A Chang’e-2 Space…

by Tammy Plotner on June 10, 2011

Chang'e 2 satellite artist realization

On June 9, Chang’e-2, China’s second Moon orbiter, left our nearest astronomical neighborhood and headed out into the solar system. It had successfully completed its missions by April 1 and, thanks to its longevity, had enough fuel in reserve to continue exploring. According to China’s State Administration of Science,Technology and Industry for National Defence (SASTIND), making the trip into outer space from the Moon’s orbit is the major step from five remaining tasks assigned to the diminutive satellite.

“It’s the first time in the world for a satellite to be set off from the Moon in remote outer space,” said Zhou Jianliang, deputy chief engineer of the Chang’e-2 measure and control system of the Beijing Aerospace Control Center (BACC).

China’s technological developments are leaping ahead. While controlling a mission to the Moon 400,000 km away from the Earth is challenging enough, attempting to command a spacecraft from 1.5 million km presents a huge milestone in measure and control, telecommunications, data transaction and orbit design.

Before flying away, Chang’e-2 finished two additional tasks as of May 23. Its first was to take snapshots of the lunar northern and southern pole and the second was to descend into perilune orbit, about 15 km away from the surface. This time to take high-resolution images of the Sinus Iridum – the proposed landing ground for future Moon missions. The completion of satellite’s tasks has Chinese scientists smiling and hoping things continue well towards the end of next year.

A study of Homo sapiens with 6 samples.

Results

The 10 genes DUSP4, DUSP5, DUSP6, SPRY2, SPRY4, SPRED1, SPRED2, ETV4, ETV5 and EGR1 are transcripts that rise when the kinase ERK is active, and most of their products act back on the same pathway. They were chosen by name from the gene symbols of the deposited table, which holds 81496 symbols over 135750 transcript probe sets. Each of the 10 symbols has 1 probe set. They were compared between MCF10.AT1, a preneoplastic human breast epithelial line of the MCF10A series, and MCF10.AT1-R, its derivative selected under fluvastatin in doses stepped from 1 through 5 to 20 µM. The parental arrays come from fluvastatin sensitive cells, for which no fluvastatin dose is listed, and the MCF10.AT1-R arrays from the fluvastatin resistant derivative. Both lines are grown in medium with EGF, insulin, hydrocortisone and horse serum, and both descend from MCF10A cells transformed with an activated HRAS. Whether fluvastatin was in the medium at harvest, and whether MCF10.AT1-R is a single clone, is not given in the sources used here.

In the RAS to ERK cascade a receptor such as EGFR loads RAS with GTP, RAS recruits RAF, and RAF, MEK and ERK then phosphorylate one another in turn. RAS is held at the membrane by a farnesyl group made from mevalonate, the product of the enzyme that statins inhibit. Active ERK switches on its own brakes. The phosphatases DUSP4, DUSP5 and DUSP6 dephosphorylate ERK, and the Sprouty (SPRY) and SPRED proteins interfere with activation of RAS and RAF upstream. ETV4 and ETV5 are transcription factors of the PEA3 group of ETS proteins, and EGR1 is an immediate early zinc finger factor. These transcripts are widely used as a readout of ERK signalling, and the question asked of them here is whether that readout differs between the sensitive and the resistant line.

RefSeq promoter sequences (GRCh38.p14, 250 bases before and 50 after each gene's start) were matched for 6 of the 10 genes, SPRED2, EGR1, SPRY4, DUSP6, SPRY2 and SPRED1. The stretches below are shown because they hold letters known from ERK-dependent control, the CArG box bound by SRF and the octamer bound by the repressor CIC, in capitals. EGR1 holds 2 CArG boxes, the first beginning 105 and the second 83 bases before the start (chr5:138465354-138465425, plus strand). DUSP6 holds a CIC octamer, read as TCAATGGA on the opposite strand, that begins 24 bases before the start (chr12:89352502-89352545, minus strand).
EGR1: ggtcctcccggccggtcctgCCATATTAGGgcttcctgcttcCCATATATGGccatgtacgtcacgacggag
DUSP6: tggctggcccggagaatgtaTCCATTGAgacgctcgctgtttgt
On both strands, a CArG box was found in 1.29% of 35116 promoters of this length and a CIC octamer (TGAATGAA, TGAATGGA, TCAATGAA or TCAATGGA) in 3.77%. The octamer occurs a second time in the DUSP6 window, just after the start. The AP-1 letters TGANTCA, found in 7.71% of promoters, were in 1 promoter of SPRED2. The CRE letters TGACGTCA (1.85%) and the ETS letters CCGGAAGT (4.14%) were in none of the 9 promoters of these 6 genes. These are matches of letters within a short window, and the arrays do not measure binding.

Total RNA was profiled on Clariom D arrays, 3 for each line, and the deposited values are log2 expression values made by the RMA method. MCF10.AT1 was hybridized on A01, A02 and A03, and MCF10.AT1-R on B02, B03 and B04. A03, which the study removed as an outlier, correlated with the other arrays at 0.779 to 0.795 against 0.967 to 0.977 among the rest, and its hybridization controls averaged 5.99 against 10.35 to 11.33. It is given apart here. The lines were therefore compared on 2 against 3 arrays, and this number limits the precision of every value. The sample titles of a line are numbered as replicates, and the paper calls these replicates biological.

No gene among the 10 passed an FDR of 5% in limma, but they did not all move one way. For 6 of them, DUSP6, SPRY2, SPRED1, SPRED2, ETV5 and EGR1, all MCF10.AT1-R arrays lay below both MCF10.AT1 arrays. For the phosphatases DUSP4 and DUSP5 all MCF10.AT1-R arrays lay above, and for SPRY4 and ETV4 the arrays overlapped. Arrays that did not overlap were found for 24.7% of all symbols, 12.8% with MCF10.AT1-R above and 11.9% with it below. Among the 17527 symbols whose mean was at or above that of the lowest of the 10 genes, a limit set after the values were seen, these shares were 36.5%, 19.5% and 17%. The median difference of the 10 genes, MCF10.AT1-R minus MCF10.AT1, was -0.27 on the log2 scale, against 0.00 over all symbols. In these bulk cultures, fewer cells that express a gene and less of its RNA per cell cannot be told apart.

“We are developing outer space measure and control stations in outer space and they will be capable to carry out tasks by the end of the second half next year,” said an SASTIND scientist, who declined to be named. “At that time, the satellite can be used to test the two stations’ functions.”

But the road ahead for Chang’e-2 isn’t going to be an easy one, simply because the satellite wasn’t designed to do what it is now doing. Extended distances mean unexpected problems with communication and control, but the little “Moon Goddess” just may be up to the task.

Original Story Source: China News.


Tammy is a professional astronomy author, President Emeritus of Warren Rupp Observatory and retired Astronomical League Executive Secretary. She’s received a vast number of astronomy achievement and observing awards, including the Great Lakes Astronomy Achievement Award, RG Wright Service Award and the first woman astronomer to achieve Comet Hunter's Gold Status.